Photo: Student protesters in Medellín throw molotov cocktails at riot police armored vehicle
By Felipe Vera
Last week, a national strike of professional drivers and a series of combative student protests against corruption and police repression shook the streets of Bogotá and Medellín.
On September 23, the National Association of Drivers of Colombia and the Drivers Union called for an indefinite national strike of professional transport workers in response to repressive anti-worker laws issued by the District Mobility Secretariat. Targeting drivers in all forms of transportation including truck drivers, taxis, and intermunicipal busses, the state will suspend drivers’ licenses for at least six months to a year if they have more than one traffic violation within a six-month period, in some cases even handing down lifetime bans. If drivers continue working with a suspended license, they can face serious criminal charges including prison time. The law has resulted in over 45,000 suspended licenses, leaving many workers without a source of income.
On the same day as the initiation of the strike, a corruption scandal surfaced at the District University in Bogotá. The former director, Muñoz Prieto, misappropriated nearly $3 million in university funds for luxury vehicles, hotels, clothing, parties, and brothels. Outraged by this, the students took to the streets with combative actions for over a week. Revolutionary youth used stones and molotov cocktails in an attack on the Colombian Institute of Educational Credit and Technical Studies Abroad (ICETEX), a state institution hated by much of the Colombian people for indebting the families of young students through educational loans and charging high interest rates.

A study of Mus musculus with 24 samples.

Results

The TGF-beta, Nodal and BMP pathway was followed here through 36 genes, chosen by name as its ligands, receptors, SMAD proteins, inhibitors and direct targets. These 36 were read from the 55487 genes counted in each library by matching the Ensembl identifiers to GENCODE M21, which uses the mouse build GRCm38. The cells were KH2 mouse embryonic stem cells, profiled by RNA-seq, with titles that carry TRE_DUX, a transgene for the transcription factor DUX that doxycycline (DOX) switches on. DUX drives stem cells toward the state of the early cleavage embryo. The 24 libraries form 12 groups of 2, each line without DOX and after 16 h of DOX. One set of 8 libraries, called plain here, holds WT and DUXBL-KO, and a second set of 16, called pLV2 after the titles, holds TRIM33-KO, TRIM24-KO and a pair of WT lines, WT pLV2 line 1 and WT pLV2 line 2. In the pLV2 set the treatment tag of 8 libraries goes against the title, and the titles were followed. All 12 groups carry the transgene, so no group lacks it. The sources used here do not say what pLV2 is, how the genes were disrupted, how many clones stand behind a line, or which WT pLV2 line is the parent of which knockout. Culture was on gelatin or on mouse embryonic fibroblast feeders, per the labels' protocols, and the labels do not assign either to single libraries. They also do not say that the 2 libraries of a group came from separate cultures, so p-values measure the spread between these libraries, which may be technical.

Riot police from the Mobile Anti-Disturbance Squadron (ESMAD) immediately attempted to violently repress the rebellious youth with force, but were met with fierce resistance. As protests expanded to other universities the ESMAD entered at least three university campuses, violating federal law in the process.
After initially erupting in Bogotá, the protests spread throughout the country in response to excessive force used against student protesters. In Medellín, an action was carried out in support of the combative youth in Bogotá, led by the Student Movement in Service of the People (MESP), the Revolutionary Youth League (LJR), and the Student Union of the People among others.
Student demonstrators blocked a major road leading into campus, and when they were attacked with tear gas and water cannons, combative youth responded with stones, molotov cocktails, and homemade weapons. They chanted revolutionary slogans such as “the bullets you shot will return back to you,” and “to serve the people with all my heart, to be a shock troop of the revolution!”
As a result of the combative protests, the interior minister of Colombia, Nancy Patricia Gutierrez, proposed a bill that would several restrict the masses right to protest. However, this has not deterred the combative youth and has only strengthened them further, demonstrating once again the repressive role of the state and the necessity of revolutionary violence to combat it.